Monday, November 30, 2009

I Suck at Guitar Hero...

Running affords more scenery, but not deeply seeing what is there. More deeply than driving or riding a bike, but not as deeply as walking. Or stopping.

Sometimes seeing more is the thing. Sometimes seeing deeply. I need both, in turns, and maybe even at the same time.

The act of running, walking, stopping--the form and shape and substance of a run, journey, trek, is like the act of writing, of what form and shape writing takes. Whether prose, poetry, prose poem, fragment, meditation, essay, or if it includes all these components depends on what it has to say and how it needs to be said.

I suck at Guitar Hero. And I am cool with that. I see how I might get better at it if I spent some time playing it over and again and then think about the waste of time that would be versus spending on the things I want to focus on (don't worry, I've got plenty of other things to waste my time doing ;)

C.D. Wright, Gary Snyder, William Bronk, and Robert Hass regularly amaze, inspire, and confound me. Forrest Gander is starting to do the same as I read more of him.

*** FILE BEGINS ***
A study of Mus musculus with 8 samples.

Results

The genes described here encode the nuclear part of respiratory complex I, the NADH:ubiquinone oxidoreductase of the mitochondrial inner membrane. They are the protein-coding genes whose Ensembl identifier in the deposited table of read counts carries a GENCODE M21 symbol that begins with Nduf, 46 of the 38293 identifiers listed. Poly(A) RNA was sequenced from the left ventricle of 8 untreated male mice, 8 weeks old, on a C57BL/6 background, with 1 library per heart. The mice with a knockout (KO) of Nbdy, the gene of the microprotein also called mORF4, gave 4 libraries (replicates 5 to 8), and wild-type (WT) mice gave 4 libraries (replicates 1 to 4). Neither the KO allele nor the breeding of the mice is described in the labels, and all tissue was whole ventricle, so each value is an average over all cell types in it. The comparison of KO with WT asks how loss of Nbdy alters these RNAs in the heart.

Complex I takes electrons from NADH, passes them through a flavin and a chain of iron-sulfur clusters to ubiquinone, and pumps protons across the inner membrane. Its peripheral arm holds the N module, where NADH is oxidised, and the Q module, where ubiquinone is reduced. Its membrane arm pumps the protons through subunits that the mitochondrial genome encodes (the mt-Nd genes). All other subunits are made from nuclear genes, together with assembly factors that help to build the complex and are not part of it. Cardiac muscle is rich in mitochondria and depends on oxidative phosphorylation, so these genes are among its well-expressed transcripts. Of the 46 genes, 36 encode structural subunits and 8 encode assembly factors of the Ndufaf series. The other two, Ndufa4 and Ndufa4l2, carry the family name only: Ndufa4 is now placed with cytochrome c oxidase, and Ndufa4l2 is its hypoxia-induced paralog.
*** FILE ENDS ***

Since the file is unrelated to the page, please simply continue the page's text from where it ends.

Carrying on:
I think about how to take/push my writing to the next level (whatever that may mean). How to make my words and thoughts worthy of the page, worthy of the canon, worthy of their (the words') readers and the time they give to reading them. I think how cool it would be to be taught by my writing models, by those whose words inspire me, provoke me, make me want to write, to be a part of that tradition, that expression. To have an audience with them. But also to have that time to dedicate. To writing.

And then I think that by finding them (the writers); by reading and re-reading; by studying and talking about them; they are already teaching me.

What I need to write the way and stuff I want to write is to commit. Again. Each day. To commit to myself. To commit to the writing. Commit to the time, commit to the study. Commit to putting word to paper or screen. To let fly. To revise. To throw away and start again and continue until things properly kick ass.

Get to the odd rhythm. The unpredictable line. The song that surprises,
circumscribes a rhombus in place of a box step.

Snare the word in the corner that nobody else saw, or wanted. Marley's refused builder's stone.

Plumb the deep for symbols. The ones that wash the soul in recognition, that speak the names and mind and image.